Gamesa’s Installed Wind Capacity Hits 30 GW
Gamesa, a global technology leader in wind energy, has shored up its track record as a world-leading player in terms of installed capacity, having hit the 30 GW mark. This milestone was achieved with the assembly of one of the eight G128-4.5 MW turbines being installed at the Tornio wind farm in Finland.
The electricity generated by these 30 GW annually provides enough energy to supply more than 18 million European households and prevents the emission of 45 million tonnes of CO2/year, which is equivalent to the annual emissions generated by 15 million cars or the carbon offset by 7.5 million hectares of trees in the same period.
Since it installed the first G42/44-500kW turbine at the El Perdón (Navarra) wind farm back in 1994, the company has installed 30,000 MW of its turbines in countries all over the world, including Kenya, the Philippines, Mauritania, Ecuador (Galápagos Islands) and Uruguay.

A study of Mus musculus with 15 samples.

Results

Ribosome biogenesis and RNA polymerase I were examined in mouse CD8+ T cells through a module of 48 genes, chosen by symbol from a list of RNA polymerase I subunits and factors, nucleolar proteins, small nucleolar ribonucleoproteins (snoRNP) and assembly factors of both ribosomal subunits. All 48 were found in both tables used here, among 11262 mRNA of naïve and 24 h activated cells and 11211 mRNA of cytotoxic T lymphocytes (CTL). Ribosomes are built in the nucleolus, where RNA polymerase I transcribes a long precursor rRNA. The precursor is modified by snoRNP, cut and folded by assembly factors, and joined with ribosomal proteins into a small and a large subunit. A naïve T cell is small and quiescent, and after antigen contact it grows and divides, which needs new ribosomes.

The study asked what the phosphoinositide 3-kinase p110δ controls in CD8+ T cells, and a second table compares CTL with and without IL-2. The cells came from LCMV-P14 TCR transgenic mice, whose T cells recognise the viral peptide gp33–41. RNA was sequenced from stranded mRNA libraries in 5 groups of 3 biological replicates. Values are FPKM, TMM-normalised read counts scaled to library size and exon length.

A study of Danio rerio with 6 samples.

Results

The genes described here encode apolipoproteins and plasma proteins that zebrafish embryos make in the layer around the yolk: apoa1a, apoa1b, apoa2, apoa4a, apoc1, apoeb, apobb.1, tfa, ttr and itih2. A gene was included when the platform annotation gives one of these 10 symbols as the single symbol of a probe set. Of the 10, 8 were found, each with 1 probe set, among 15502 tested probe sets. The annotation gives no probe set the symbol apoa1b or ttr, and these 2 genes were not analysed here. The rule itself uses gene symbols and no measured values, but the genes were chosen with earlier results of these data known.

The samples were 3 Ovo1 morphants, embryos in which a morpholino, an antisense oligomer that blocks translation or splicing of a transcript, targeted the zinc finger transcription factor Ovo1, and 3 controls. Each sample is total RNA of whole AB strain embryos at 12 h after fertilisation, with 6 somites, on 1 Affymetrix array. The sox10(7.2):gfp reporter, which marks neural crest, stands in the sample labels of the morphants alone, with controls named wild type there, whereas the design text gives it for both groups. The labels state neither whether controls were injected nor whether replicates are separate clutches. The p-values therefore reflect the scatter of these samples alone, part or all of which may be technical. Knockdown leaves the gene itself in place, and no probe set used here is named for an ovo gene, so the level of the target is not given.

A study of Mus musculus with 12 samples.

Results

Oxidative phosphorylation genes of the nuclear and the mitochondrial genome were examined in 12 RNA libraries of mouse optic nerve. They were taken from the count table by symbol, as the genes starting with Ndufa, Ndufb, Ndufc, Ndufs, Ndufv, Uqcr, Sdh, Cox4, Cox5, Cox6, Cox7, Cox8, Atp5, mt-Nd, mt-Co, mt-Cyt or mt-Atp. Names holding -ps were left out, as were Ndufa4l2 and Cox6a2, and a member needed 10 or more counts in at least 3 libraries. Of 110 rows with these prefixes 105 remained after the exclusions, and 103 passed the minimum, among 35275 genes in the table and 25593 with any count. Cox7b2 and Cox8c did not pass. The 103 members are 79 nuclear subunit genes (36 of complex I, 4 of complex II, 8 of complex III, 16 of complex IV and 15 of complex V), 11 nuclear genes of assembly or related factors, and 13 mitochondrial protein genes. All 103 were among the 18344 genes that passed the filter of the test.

Spain is the country in which Gamesa has installed the most capacity (12,208 MW), followed by the US (3,941 MW) and China (3,512 MW). The company has gradually expanded its geographic footprint in recent years: MW sold outside Spain jumped from just 5% of the total in 2000 to almost 100% in 2013. Today, Latin America and India are the company’s main growth engines, having accounted for almost 70% of first-quarter 2014 sales volumes.
As for the best-selling platforms, of the 30 GW installed by Gamesa, its 2.0 MW platform tops the ranks (installed capacity: 17,460 MW), followed by the 850 kW range (8,690 MW). Meanwhile, the 5.0 MW platform, one of the most powerful in the onshore market, is emerging as one of the company’s core portfolio products, with installed capacity running at 140 MW.
Gamesa’s technological prowess and its know-how in respect of the entire wind power value chain enable it to tailor its turbines to customer demands and the idiosyncrasies of each market. In recent years, the company has installed its turbines in 45 countries; its turbines can be found in desert conditions, at high-altitude sites (over 2,000 metres), in areas exposed to typhoons and even in locations subject to seismic activity.